Posted Sep 22 2013 6:00am
Outcomes matter.  One will forget a tortuous path if it leads to a sanguine outcome.  This is true in medicine and in life.  Look at the recent path of American foreign policy and where it has led us.

Can You Choose the Right Path?

Confused yet?

The Outcome

So, did we do well here?  Is this George Bush’s fault? The president and his minions are gushing over the superb outcome that resulted.  Sure the path was little rocky, they admit, but they claim that Syria was brought to her knees without firing a shot.  They’re so giddy over the Putin rescue that their words and their heads are spinning wildly.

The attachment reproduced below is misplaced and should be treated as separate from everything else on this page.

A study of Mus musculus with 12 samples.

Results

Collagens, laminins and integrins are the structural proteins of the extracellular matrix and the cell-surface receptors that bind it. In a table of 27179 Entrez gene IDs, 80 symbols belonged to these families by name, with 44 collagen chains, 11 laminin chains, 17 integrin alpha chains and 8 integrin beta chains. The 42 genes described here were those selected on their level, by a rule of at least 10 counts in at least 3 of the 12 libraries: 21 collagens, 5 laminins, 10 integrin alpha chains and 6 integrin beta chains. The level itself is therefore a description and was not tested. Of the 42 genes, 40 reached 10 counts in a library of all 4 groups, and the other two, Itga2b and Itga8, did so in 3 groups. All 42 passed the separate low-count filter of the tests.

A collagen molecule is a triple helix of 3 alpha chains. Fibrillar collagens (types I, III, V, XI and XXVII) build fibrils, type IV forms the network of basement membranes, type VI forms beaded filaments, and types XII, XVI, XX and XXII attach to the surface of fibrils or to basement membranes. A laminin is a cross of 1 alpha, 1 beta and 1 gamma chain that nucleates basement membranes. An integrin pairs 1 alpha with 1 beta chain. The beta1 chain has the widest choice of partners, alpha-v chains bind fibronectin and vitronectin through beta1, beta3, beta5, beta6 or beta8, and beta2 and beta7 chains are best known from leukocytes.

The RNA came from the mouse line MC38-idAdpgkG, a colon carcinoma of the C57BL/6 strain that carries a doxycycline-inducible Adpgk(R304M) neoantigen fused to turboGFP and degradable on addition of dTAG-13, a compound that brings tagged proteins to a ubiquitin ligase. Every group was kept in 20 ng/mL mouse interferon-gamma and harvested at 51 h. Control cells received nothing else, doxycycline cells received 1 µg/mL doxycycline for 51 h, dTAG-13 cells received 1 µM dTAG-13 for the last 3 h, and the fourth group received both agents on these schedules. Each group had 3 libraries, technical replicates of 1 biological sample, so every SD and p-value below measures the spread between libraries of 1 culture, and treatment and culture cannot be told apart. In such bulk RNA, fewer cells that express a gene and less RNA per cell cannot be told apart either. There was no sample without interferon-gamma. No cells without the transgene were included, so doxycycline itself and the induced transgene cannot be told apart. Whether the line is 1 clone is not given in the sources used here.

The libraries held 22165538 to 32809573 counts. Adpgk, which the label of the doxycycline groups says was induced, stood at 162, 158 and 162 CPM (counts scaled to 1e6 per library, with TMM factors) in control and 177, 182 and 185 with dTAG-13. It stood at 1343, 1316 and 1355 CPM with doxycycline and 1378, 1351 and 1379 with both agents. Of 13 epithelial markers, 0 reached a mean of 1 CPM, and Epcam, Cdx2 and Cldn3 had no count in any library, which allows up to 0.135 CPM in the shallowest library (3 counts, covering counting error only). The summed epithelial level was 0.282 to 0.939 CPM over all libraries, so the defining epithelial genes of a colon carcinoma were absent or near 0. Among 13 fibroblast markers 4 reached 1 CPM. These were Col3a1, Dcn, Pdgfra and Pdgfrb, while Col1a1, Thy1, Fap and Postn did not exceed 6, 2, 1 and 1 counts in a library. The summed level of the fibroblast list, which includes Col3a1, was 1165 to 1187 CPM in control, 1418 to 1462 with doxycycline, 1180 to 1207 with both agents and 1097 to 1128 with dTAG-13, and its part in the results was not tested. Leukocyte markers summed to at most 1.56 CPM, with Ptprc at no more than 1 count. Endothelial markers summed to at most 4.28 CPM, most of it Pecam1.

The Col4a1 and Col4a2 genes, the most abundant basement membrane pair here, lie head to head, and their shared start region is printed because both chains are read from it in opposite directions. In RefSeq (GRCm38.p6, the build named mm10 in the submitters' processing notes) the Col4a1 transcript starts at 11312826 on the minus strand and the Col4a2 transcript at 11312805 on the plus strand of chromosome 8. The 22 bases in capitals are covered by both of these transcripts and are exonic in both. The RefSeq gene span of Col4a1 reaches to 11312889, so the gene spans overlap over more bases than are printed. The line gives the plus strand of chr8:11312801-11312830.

If the outcome is good, we will forgive a clumsy path.  If the outcome is bad, should we simply declare that it is good and celebrate our success?

Since this is ostensibly a medical commentary blog, let me offer a medical analogy.  In medicine, outcome is everything.  If the patient survives or recovers, then patients and families celebrate even if the result was accidental.  Many times I have been lucky to be presiding over a patient who recovers unrelated to my efforts.  Sometimes, I am given undeserved credit for these spontaneous healings.  But, it is harder for doctors than for politicians to tell patients that bad news is really good news.  Bad medical news doesn’t become good news just because we say it is.  If a doctor is over his head on a case and commits serial errors and misjudgments, and the patient barely survives, would we recommend this doctor to others?

Could Putin the peacemaker be awarded the Nobel Peace prize?  Then, he and Obama would have something in common.  Would Alfred Nobel celebrate these outcomes?  Would we?